Home of the Plymouth Whalers
Before I went to Plymouth, I had always assumed that it was just another one of the generic, never ending, sprawling suburbs of Detroit. I didn’t think that Plymouth had any identity or soul of it’s own. As it turns out, I couldn’t have been more wrong. Plymouth is truly a beautiful little town.
Plymouth’s downtown appeared to be quite vibrant. It was full of neat little shops selling everything from children’s toys to fudge to ice cream. A selection of bars and restaurants also provide some night life. There is also plenty of free on street parking. Downtown Plymouth is definitely worth checking out for any visiting fan.
Unfortunately, Compuware Arena is not located downtown. Compuware Arena is located about 10 minutes from downtown on the outskirts of town. The area is full of undeveloped property and large industrial complexes.
Compuware Arena opened up for the 1996-1997 season. However, once you enter the building, you’d never guess that the place is less than 15 years old. Construction of this building took approximately 6 months. This place was built cheap and quick and it really hasn’t been taken care of too well over the years.
One of the first things that you notice when walking around the box office/lobby and the concourse is that this place seems to have a LOT of empty space. Perhaps this is by design to accommodate future expansion possibilities but it just looks strange seeing many square feet of nothingness. The corners of the concourse are especially spacious and empty.
The Arena Bowl seats about 3,500 which makes this one of the smaller arenas in the OHL. However, the wide concourse at the top of the bowl provides what seems to be infinite standing room. This building seems to have the acoustics of an indoor swimming pool. When the puck hits the goal post or crossbar, or even the boards, the sound echoes seemingly forever. The buzzer is deafeningly loud when it goes off.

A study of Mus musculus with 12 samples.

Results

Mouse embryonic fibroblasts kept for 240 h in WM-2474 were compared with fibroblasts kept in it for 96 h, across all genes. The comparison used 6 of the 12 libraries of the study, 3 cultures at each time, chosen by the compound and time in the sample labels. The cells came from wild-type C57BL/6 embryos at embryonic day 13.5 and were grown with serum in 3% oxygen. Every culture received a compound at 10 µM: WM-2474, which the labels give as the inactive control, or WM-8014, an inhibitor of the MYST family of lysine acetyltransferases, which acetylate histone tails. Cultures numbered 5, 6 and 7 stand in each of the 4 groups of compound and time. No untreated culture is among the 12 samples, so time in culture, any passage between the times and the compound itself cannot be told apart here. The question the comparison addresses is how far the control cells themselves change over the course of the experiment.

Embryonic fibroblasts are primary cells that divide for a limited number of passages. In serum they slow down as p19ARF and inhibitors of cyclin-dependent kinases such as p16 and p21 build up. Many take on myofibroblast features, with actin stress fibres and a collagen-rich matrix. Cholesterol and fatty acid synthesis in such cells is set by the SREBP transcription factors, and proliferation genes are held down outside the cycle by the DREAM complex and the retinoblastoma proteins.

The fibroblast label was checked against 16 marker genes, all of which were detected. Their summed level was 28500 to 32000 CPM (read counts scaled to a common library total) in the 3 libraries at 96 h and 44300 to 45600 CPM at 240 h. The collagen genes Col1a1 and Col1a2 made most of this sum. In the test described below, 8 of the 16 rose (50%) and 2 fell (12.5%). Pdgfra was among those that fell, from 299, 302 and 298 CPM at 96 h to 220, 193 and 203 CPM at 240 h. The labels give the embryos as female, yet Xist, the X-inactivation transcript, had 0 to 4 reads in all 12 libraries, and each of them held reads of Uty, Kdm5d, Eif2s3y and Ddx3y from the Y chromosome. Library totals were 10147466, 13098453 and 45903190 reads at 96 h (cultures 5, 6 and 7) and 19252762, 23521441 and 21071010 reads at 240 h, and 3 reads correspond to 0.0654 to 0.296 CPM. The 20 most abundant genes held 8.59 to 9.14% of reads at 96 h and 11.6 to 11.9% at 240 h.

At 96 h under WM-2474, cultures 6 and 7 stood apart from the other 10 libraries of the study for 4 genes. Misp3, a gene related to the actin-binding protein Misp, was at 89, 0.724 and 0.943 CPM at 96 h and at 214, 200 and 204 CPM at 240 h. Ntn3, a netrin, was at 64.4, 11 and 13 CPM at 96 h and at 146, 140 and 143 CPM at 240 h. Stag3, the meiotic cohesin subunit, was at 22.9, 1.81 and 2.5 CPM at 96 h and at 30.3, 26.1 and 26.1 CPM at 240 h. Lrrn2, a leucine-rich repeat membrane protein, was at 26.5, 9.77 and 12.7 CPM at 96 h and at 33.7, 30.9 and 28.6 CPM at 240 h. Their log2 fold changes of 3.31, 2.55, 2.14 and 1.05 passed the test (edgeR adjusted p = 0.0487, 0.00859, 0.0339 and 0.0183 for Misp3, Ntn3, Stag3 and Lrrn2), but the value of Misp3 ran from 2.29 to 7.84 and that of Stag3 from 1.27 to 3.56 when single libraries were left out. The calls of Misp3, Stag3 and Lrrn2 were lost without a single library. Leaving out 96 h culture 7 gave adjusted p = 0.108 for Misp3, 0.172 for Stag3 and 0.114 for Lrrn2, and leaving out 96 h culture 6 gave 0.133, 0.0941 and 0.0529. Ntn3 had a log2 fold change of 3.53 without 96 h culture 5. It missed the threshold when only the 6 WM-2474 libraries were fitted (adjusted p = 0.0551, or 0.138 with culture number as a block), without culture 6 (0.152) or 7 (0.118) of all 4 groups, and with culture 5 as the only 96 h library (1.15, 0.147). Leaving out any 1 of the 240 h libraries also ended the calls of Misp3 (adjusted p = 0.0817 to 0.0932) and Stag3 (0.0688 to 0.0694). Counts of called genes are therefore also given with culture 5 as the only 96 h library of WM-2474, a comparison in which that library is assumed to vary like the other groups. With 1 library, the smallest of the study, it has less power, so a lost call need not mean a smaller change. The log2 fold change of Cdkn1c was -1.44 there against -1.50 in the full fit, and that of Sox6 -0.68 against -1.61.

The worst thing about this arena is the PA announcer. He has what sounds like a professionally trained ‘announcer’ voice and is probably a graduate of the Specs Howard School of Broadcast Arts. Although he has a very strong voice, he seems to have no idea how the game of hockey is supposed to be presented. He sounds like your typical 1970′s/1980′s radio Disc Jockey with the way he yells and pushes his voice. He really needs to listen to a classic PA announcer such as Bud Lynch or Paul Morris to learn how to present the game of hockey with both professionalism and class.
The seating was almost as uncomfortable as old Windsor Arena. However, Windsor Arena gets a pass because it was over 80 years old when the Spitfires moved out. There is no reason why an arena built in the last 15 years with so much empty space in the concourse should have seating that is so cramped.
The game I attended was a playoff game against the Windsor Spitfires. The atmosphere was actually pretty good. By conservative estimate, I’d guess that 50% or more of the sold out arena were fans from Windsor. Chants of “Lets Go Whalers” and “Go Spits Go” both constantly rang out all game, with each group trying to out cheer the other. I can’t vouch for what the arena is like when the Whalers playing a far-away non-rival such as Ottawa, but when I was there the atmosphere was great and a lot of fun.
In a way, I almost feel sorry for the Whalers and their fans. In the winter, the Whalers have to compete with the Red Wings and the Pistons for media coverage and unfortunately, they largely get ignored. Popularity definitely seems to be increasing though and hopefully one day the OHL will be as popular in the metro Detroit area as it is in Canada.
Since Plymouth is a quick 45 minute drive down I-96 from my hometown of Windsor, I will likely attend more games in the future. It is truly a beautiful town, it’s just a shame that their arena isn’t up to the same standards.